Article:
David Autor changed his mind about the job polarization hypothesis that he favored in 2010 which implied that we had a shortage of workers with the required skills:
- We have not seen an increase in the premium paid for college graduates over the last decade.
- Many college grads are forced to take low-skill jobs.
- Most of the rise in unemployment has been in low education service occupations.
- If we have provided more technology to workers they should be more productive but we have not seen a rise in labor productivity. Larry Summers followed up on that point:
- If there are skill shortages we should see rising wages in skilled occupations. Wage growth has been lower than one would expect in high skill occupations
- The core problem is not a shortage of skilled workers, it is a shortage of jobs. Educating more workers will only increase the competition for a finite number of skilled jobs and reduce wage growth even further.
- Profits have been at record levels. That implies a high return on capital which should also increase demand for investment capital and an increase in interest rates. However, interest rates are very low. The high profits must contain a high rent value which suggests a need for a more progressive tax and transfer system to reduce rents.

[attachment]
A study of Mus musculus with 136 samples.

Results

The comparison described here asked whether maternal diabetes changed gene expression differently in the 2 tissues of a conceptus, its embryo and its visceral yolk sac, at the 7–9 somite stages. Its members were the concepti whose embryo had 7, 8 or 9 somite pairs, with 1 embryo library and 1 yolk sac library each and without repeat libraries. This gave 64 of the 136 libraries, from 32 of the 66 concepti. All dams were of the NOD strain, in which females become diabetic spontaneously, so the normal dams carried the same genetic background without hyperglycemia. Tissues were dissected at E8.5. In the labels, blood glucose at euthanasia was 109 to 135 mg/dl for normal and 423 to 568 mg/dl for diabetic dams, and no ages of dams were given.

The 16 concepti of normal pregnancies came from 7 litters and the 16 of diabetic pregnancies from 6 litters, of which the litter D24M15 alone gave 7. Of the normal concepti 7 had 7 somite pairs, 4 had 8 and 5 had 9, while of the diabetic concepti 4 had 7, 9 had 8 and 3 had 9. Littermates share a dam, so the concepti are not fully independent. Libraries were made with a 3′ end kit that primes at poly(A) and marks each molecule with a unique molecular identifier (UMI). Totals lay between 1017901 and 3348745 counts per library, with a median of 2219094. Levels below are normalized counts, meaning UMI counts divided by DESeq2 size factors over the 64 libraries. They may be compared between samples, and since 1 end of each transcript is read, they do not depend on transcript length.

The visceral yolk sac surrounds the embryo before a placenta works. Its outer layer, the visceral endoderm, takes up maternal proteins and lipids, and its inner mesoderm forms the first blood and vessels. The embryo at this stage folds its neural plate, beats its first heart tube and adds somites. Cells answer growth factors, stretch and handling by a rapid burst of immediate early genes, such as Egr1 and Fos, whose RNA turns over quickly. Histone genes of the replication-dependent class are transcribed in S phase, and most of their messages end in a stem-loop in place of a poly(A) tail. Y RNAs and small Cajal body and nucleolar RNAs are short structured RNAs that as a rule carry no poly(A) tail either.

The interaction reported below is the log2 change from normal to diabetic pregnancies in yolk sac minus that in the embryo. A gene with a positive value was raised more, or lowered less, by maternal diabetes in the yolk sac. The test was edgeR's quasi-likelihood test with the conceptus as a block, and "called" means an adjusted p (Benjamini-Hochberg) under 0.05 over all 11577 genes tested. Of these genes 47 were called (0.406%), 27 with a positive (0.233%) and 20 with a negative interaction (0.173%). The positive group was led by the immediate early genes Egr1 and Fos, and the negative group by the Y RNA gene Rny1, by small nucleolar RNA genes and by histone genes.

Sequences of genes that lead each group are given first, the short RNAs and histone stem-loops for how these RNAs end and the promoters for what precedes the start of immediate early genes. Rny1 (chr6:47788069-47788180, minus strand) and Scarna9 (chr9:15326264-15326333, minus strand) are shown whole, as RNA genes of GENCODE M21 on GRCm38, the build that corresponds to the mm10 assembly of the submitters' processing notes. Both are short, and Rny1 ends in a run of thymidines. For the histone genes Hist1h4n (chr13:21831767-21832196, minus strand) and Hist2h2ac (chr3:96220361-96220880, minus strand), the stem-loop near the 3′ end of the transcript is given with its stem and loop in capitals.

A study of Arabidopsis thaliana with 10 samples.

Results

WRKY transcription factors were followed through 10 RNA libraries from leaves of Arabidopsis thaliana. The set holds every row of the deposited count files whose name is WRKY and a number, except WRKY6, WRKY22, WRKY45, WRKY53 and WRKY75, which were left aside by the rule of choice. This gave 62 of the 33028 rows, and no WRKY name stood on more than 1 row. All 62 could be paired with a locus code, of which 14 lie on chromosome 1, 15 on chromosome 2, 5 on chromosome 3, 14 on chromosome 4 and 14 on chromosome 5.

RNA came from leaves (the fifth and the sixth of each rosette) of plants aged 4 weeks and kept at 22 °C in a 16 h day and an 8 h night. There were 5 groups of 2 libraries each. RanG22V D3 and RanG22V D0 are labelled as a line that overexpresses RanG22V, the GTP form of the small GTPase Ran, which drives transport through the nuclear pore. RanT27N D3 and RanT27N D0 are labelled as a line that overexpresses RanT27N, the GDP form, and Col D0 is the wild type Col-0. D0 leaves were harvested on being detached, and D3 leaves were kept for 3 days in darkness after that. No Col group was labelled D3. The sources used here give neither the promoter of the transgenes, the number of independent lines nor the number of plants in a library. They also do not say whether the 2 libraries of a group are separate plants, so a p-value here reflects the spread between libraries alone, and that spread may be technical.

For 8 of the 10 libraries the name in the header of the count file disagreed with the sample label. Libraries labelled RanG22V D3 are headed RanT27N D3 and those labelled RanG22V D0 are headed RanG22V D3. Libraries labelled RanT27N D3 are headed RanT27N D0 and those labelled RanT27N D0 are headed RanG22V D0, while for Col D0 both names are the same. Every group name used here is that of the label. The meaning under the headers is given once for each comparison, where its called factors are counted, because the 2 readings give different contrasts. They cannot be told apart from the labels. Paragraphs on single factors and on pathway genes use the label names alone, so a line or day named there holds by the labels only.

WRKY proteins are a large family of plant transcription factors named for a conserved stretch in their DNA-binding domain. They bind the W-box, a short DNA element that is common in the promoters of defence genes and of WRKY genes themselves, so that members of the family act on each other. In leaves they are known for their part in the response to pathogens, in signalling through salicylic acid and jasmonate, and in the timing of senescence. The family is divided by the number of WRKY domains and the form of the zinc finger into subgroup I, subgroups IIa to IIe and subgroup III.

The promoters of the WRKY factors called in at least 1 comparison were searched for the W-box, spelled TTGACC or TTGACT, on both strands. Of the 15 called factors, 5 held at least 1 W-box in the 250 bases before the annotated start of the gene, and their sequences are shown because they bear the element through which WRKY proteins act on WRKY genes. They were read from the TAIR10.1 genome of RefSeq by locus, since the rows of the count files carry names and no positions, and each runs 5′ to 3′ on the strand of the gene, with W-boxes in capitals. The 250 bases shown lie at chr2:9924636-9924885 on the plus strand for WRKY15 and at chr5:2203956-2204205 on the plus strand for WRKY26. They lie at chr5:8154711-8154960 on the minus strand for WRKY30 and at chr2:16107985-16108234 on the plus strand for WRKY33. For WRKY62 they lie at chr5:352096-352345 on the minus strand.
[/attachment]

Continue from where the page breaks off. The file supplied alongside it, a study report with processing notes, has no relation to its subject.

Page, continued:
- If income distribution today was the same as it was in 1979, the top 1% would have $1 trillion less income and the bottom 80% would have $1 trillion more income. That amounts to $11,000 per family. We have a $1 trillion dollar rent problem that can't be addressed by small bore changes. Income redistribution has been going on since 1979 but it has been going from the bottom 80% to the top 1%. Its time to reverse that process.